As I was reading through questions and answers in the Epernicus BenchQ archive the other day, I was struck by how many questions have been receiving helpful replies. Without the expectation of reward, Epernicus members from across the country have been helping fellow scientists (strangers though they often are), providing advice on equipment, kits, techniques, candidate antibodies, and much more. Third parties have been reading and benefiting from these exchanges as well. Overall, it has been quite exciting to see.
One of the things we’ve often discussed is if and how these types of contributions should be incentivized. Should people be rewarded for sharing their knowledge through BenchQ or should it be left up to inherent goodwill? And if answering questions is rewarded, should it be with public recognition, tangible rewards, or something else? Shirley Wu raised this issue of rewards in a thoughtful blog post earlier this year, and it generated quite a discussion. I’m not yet sure what incentive structure would be best (or if incentives are even necessary), but any incentive system will carry the inherent risk of distorting motives. The question is what kind of distortion and to what degree.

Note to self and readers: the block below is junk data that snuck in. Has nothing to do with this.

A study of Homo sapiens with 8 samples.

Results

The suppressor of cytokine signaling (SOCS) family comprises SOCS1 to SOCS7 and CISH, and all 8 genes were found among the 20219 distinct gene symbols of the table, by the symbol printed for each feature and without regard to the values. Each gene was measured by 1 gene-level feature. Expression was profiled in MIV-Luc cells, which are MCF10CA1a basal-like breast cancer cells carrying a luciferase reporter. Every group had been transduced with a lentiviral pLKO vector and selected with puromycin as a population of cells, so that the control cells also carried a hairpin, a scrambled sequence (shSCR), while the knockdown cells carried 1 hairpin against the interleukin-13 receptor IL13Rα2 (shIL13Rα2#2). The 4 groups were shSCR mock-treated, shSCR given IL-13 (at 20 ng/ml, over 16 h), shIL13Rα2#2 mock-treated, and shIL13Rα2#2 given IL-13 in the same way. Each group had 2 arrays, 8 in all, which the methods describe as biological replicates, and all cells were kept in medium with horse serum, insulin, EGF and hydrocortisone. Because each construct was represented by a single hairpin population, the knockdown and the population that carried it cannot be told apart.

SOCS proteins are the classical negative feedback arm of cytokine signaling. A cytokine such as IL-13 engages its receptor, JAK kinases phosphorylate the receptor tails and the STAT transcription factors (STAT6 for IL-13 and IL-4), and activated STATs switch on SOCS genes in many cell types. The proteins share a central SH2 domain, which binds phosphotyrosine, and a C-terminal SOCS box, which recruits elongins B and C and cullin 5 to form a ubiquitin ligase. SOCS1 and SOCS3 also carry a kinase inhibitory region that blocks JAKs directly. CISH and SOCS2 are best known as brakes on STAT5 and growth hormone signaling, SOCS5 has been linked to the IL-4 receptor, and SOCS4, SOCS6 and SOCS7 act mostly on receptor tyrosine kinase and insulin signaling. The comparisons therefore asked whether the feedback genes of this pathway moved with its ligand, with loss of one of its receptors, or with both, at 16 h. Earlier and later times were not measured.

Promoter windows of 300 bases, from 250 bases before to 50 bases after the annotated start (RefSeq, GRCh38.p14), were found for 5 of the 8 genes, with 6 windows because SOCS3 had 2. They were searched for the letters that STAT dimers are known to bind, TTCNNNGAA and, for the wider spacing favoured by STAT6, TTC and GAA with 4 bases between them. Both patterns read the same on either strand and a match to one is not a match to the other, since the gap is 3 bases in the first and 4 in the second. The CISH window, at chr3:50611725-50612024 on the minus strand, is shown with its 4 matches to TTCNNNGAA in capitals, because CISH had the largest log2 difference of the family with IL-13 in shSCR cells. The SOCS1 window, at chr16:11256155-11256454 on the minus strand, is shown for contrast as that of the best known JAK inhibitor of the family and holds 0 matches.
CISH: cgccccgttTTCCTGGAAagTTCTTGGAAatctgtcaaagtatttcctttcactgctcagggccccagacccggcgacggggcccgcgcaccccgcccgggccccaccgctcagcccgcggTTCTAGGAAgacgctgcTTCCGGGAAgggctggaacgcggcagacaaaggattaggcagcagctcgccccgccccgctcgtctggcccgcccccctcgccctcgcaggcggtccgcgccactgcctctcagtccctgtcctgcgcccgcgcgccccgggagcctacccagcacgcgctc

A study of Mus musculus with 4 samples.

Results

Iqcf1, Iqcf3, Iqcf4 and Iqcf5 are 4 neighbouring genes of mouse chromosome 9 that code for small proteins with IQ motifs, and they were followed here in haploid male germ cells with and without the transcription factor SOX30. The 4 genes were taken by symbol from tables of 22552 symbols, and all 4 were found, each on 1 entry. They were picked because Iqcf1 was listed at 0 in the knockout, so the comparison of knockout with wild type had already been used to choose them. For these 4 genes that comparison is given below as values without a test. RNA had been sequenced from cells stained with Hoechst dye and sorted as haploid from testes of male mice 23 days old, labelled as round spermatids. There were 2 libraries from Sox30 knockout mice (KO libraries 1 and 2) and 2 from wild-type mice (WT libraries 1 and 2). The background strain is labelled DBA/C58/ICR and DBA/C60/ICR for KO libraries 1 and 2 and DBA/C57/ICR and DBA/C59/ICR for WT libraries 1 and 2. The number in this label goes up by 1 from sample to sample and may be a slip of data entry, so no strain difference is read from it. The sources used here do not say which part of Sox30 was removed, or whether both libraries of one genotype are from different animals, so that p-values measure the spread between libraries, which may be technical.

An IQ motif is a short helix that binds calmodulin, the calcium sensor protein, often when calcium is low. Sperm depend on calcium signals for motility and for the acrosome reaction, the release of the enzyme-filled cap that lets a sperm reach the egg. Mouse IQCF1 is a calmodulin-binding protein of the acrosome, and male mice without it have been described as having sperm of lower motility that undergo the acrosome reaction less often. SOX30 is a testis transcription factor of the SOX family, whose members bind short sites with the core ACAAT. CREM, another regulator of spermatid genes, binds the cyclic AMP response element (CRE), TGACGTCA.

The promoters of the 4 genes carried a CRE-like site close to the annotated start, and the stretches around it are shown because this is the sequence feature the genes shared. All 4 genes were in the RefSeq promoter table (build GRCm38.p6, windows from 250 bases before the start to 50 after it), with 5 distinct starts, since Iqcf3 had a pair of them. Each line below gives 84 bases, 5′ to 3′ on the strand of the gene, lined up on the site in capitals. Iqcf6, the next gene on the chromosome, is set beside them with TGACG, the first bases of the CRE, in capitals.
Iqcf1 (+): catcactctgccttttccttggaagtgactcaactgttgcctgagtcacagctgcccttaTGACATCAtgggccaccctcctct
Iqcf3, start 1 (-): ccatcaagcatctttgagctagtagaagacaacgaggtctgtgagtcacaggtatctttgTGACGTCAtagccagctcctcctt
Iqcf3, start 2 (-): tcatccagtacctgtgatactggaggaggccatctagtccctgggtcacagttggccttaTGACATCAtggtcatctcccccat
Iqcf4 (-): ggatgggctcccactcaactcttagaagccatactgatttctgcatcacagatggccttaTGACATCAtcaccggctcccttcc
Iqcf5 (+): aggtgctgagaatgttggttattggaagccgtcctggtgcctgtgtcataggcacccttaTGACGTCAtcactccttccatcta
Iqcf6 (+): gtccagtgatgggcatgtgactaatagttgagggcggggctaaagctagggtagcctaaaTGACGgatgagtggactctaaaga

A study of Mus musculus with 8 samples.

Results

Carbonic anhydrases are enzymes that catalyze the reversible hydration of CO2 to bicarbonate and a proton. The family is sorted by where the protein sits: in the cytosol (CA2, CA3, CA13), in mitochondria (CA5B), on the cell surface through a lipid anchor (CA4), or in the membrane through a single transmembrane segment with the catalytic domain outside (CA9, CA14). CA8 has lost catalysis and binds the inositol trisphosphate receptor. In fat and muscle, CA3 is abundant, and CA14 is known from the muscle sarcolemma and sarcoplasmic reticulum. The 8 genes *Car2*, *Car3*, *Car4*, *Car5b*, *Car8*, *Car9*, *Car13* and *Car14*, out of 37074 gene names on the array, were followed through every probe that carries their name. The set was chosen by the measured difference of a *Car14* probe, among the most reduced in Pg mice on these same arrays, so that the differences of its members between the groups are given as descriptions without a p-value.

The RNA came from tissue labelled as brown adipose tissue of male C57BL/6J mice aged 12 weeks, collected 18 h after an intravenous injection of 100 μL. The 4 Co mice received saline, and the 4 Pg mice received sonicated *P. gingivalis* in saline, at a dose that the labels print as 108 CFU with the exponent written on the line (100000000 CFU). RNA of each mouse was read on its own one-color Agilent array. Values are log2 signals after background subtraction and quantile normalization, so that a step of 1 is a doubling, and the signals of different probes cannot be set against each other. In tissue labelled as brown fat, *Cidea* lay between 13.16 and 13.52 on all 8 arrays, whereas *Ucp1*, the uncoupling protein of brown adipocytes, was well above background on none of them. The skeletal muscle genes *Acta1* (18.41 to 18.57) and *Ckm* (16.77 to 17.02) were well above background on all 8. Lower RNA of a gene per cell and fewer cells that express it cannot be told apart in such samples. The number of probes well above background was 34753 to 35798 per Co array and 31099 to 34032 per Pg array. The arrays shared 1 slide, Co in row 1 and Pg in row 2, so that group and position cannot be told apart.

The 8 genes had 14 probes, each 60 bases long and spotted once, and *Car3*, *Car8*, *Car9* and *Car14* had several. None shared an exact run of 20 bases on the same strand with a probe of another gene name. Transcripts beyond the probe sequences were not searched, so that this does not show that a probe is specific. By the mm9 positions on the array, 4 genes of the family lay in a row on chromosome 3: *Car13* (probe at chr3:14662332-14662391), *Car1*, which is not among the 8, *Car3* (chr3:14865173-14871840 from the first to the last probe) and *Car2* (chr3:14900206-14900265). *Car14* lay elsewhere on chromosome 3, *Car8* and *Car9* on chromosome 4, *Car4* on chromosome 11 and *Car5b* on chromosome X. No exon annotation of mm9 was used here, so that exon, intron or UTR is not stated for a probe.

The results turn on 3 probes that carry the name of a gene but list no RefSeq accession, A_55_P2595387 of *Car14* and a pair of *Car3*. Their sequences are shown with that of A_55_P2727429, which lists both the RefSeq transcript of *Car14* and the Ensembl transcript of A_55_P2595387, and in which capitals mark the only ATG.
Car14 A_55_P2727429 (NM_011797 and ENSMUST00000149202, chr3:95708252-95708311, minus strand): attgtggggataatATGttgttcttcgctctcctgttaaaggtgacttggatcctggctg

A related issue that comes up is whether contributions in a forum like BenchQ should be represented in a scientist’s professional record. A scientist who helps 100 colleagues through BenchQ has made a real contribution to the community – should this be represented in his or her resume or tenure file? We’d be interested to know what our colleagues in the scientific community think about these questions.
In the case of BenchQ, we want to reward people for helping other scientists and adding to a larger body of knowledge. We’re open to experimenting with incentives and would welcome any suggestions. Our hope is that tools like BenchQ will become a growing opportunity for scientists to make contributions, learn from their peers, and establish helpful relationships.